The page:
A squishy ball of grey is all you are. Can you imagine that? Well you should because that squishy ball called grey matter, the stuff squeezed into the brain, is what defines you. Your identity, consciousness, and awareness are all tied down to your grey matter. In short, you are your brain.
But, besides the high school knowledge about the brain and how it works, do you really know everything there is to know about that organ without which you wouldn’t be you? While the neurons in your brain fire up all the time, telling you what to do, think and do, there are so many misconceptions about the brain. In this article, we’d like to set the record straight on some of the things you could have missed and what you go wrong. Here are some of the truths about your brain:
You use more than 10% of the brain
We’ve been told and believed the alleged fact that humans only use 10% of their brain power, right? And in some unexplained wave of excitement, knowing that you have 90% worth of untapped potential in brainpower has given you so much hope for the future. Like most of us, you believe that tapping into that mystical 90% of untapped higher power; cognitive function could result in a higher brain capacity that makes it possible for you to learn 10 or more languages at once and that you could finally get a grasp of the complexities of Big Data and Information technology. But, none of that is the truth.
According to The Scientific American, we use 100% of our brains, every single day. We know, we just burst your bubble. But, it’s the truth. The human brain is super-complex, but there isn’t any wasted space. This might explain the complexity of brain surgeries. Just think about it for a moment – if a neurosurgeon nicks one neuron or cluster of neurons, they alter the patient’s control over an internal organ, a finger, toes, speech, language, etc. And it might not seem like much, but even the most intricate activities you engage in like making your morning coffee requires a great deal of cohesion from multiple parts of the brain, and unbelievable intricate neural processes that take place in disparate zones of the brain.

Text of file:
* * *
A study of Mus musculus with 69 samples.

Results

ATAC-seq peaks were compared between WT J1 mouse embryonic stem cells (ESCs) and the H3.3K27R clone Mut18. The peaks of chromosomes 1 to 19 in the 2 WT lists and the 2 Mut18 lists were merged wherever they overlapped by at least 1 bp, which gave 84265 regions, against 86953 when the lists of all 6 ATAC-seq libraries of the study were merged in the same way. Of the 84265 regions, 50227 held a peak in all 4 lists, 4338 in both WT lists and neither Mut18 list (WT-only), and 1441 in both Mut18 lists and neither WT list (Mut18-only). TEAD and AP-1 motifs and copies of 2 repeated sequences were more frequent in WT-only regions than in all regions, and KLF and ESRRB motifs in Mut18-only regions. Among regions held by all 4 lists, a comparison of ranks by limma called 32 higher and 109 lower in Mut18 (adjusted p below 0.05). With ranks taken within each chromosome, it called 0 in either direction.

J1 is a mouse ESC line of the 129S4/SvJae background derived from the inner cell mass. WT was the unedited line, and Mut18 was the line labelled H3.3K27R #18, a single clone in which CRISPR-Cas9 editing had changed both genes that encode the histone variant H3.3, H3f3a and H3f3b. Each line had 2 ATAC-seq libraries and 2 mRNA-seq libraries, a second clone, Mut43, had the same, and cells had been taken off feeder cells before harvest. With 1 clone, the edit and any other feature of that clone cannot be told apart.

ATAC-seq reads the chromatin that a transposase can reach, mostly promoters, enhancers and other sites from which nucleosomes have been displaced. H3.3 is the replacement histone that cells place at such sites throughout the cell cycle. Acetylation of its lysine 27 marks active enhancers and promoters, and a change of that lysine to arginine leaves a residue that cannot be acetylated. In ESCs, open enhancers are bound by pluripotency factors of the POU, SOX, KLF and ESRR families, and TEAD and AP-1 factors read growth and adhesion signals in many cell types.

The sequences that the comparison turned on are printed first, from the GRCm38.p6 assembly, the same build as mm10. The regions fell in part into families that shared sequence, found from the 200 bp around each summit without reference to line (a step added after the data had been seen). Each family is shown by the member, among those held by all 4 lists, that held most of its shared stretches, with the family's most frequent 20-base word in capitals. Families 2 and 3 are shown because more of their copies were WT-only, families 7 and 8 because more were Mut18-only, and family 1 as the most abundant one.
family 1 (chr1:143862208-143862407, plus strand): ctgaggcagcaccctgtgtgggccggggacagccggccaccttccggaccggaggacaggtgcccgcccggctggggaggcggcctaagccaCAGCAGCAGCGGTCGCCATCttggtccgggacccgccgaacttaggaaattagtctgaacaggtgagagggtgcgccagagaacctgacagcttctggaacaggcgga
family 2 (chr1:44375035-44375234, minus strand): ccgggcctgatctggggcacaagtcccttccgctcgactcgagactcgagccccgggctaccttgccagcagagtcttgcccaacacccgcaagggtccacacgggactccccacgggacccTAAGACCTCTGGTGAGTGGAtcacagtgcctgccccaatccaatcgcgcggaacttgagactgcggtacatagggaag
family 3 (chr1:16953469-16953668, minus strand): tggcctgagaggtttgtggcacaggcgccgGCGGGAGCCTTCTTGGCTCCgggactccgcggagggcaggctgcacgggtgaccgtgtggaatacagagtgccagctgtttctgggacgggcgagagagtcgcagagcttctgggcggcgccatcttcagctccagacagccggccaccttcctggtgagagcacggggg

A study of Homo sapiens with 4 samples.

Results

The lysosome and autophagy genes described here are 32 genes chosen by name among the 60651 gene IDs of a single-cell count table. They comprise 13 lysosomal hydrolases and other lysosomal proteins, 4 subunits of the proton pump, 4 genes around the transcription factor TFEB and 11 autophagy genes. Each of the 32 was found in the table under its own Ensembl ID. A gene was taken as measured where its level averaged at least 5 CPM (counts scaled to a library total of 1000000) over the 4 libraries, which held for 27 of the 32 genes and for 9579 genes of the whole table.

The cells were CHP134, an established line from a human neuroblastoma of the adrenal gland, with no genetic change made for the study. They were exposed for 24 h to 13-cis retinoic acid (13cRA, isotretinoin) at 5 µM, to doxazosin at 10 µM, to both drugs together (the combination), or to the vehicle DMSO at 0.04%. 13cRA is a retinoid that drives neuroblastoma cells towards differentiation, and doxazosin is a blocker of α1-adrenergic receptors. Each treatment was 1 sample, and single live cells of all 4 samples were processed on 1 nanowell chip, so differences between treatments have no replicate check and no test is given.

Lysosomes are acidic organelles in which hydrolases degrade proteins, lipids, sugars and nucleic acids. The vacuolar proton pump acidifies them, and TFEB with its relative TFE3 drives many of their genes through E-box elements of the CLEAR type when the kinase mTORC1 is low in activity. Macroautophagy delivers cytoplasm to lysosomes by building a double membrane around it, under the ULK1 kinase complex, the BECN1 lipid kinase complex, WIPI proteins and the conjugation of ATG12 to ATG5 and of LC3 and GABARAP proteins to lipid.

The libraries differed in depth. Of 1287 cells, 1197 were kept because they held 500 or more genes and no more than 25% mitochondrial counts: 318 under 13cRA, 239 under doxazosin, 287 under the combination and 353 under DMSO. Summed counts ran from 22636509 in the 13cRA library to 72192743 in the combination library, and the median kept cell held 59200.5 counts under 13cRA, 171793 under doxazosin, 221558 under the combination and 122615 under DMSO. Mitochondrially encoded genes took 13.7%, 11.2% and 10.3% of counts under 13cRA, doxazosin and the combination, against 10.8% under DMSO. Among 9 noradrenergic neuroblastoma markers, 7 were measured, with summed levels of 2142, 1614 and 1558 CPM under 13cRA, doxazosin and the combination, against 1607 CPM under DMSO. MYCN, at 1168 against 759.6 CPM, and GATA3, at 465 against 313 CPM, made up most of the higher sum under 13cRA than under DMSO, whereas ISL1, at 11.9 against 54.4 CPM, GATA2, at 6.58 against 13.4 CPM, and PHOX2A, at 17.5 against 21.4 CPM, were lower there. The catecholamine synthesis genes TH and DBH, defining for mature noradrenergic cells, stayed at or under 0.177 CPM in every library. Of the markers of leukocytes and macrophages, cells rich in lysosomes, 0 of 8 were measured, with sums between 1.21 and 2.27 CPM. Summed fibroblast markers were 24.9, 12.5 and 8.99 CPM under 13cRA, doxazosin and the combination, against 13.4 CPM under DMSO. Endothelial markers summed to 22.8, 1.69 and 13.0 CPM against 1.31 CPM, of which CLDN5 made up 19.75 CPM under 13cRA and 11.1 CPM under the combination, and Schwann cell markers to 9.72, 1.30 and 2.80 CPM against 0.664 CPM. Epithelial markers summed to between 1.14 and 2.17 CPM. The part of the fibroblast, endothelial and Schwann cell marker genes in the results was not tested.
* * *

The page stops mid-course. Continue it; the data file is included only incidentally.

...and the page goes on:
Right-brained or Left-brained
For a long time, the right/ left-brained paradigm has been used to explain varying styles of thinking, but it’s not quite scientific. And going by a report by Psychology Today, the left and right hemispheres of the brain do not have varying levels of strengths, and these two hemispheres work together, rather than apart as we’ve been made to believe.
Take the left hemisphere; for example, it’s known as the part of the brain that’s dominant in language processing. However, the ability to pick on and understand subtle cues like emotions in language – intonation, is a quality and function of the right hemisphere. So, while the two halves of the brain do different things they still communicate with each other, which means that the proper functioning of the brain depends on the function of the two hemispheres.
The size of your brain isn’t of any significance
Here’s something we can agree on – humans are incredibly smart, and though some of the things we see happening around us point to nothing than dumb humans, human beings are generally smart humans, and the size of your brain doesn’t matter.
Do you doubt this? Think about the massive size of the cranium perched on your spindly shoulders. Do you think, even for a second that your intelligence is a factor dependent on the size of your brain? If the size of the brain correlated with IQ, the smartest men and women wouldn’t carry their heads, and the biggest brain would be that of a sperm whale.
According to Popular Science, humans are gifted with quite a heavy brain to body ratio of 1:40, trees 1:10, and ants 1:7. So, intelligence is not about the size of the brain, but more about the complexity of the brain.
The other facts you should know about the brain include:
The brain does not stop developing – it never stops evolving, changing or adapting thanks to a process called neuroplasticity which is the brain’s natural process of continuous reorganization.
The brain doesn’t sleep or power down – the brain is always working which is why you remember things that happened to you years ago. The brain consolidated and stored those memories while you slept.
The brain doesn’t hurt, feel pain or any other sensations. Headaches and migraines are sensations in the pia and dura, the tissue between the skull and the brain which have nociceptors that tell you when you’re uncomfortable and in pain.